Chilly Wit From the Brothers Coen

The Coen Brothers' 1996 hit film, "Fargo," finally available on video in Moscow, arrives freighted with Oscar acclaim -- six nominations for Monday's Academy Awards. This golden glow may give a slightly exaggerated aura of greatness to the movie, but it is without doubt an excellent piece of work.

What kind of movie is it? As always with Ethan and Joel (they collaborate on screenplays and editing, while Joel does the directing), it's impossible to say. Crime drama? Social satire? Tragical farce? Farcical tragedy? Any of these would be accurate, but none complete. "Garrison Keillor meets David Lynch" gives us an idea of the territory the brothers have staked out.

It is, we are told, the true story of a small-time extortion scam gone horribly and bloodily wrong. But although crime is definitely on the menu, "Fargo" is a film perhaps more blanc than noir, considering its setting in the bright snowscapes of North Dakota and Minnesota -- and the quietly radiant performance of its star, Frances McDormand. She plays Marge Gunderson, a heavily pregnant police chief who must unravel the skein of death and deception that rolls into her small town one winter's day. Although Marge comes on like some perky housewife in an old coffee commercial, she is just as relentless -- and effective -- a sleuth as any Sam Spade or Philip Marlowe.

The plot is fairly simple: A feckless car salesman (William Macy) hires a pair of seedy types (Steve Buscemi and Peter Stormare) to kidnap his wife, in order to bilk some cash out of his rich in-laws. Unfortunately, his confederates are not master criminals; they cut a Katzenjammer-like trail across the American North that turns minor glitches into major disasters and leaves a string of bodies behind.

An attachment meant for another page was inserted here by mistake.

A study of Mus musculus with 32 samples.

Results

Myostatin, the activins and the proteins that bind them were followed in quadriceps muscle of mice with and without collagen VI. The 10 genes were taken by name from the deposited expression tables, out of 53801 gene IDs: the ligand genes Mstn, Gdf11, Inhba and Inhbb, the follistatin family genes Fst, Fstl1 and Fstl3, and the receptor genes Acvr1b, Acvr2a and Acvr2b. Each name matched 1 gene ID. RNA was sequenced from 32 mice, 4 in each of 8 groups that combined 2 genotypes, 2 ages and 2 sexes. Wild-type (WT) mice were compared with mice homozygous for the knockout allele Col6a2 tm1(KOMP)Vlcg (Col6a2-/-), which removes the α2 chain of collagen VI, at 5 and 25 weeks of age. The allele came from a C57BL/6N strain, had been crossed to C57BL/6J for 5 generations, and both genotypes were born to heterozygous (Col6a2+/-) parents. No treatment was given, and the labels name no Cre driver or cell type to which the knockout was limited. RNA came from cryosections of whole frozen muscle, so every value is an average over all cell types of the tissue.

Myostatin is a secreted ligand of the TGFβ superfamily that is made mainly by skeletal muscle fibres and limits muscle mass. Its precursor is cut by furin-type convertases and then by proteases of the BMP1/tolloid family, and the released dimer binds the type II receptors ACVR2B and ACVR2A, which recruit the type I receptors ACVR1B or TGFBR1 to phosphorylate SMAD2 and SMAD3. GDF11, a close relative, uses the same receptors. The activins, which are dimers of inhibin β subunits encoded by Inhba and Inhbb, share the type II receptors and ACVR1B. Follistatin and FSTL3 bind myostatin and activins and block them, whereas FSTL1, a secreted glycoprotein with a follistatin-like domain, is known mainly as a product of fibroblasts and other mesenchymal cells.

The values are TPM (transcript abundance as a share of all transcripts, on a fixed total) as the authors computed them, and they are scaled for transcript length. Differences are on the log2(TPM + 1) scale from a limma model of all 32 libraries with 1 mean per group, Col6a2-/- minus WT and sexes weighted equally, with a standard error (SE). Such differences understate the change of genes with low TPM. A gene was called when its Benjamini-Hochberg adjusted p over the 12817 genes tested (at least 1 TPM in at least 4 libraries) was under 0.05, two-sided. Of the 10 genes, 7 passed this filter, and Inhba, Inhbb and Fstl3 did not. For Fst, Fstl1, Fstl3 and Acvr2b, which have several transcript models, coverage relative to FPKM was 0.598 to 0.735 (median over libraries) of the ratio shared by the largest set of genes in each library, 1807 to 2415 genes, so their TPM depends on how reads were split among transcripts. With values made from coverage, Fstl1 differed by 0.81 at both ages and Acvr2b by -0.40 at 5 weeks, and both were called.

But method, not matter, is the chief thing here, as in the Coens' other films: "Raising Arizona," "Barton Fink," "The Hudsucker Proxy," etc. Like these -- excellent pictures all -- "Fargo" is totally lacking in heart. Not just in the sense of Hollywood schmaltz, which is always better dispensed with, but also in terms of a more genuine human presence. The film is cold; a feast of cleverness, suggesting much, signifying little.That said, it is a most delicious feast. The performances are uniformly excellent; in addition to McDormand's Oscar-nominated turn, and Macy's white-bread whiner, Buscemi is particularly good as the classic small-time loser, invariably described by witnesses as "that funny-looking guy." Several of the scenes are very funny: the bungling kidnap scene, for example; but the brothers keep them from breaking loose into the broad comedy and satirical surrealism of "Raising Arizona" or "Barton Fink."

This discretion is necessary because "Fargo" is, at bottom, an examination of the petty evil that sits gnawing in our darkest corners, offset here by the brisk goodness of Marge and her docile husband, Norm (John Carroll Lynch). Again, because the film has no heart, we are not really engaged by this agon of evil and good, but we can certainly enjoy the wit and ingenuity of its presentation. And perhaps this air of cool remove is for the best, for if the Coens ever bring their dramatic gifts to bear on a work of truly human depth, the result could be profound and disturbing indeed.

-- Chris Floyd

"Fargo" is available at Video Express, 15 Malaya Dmitrovka. Tel. 733-9284.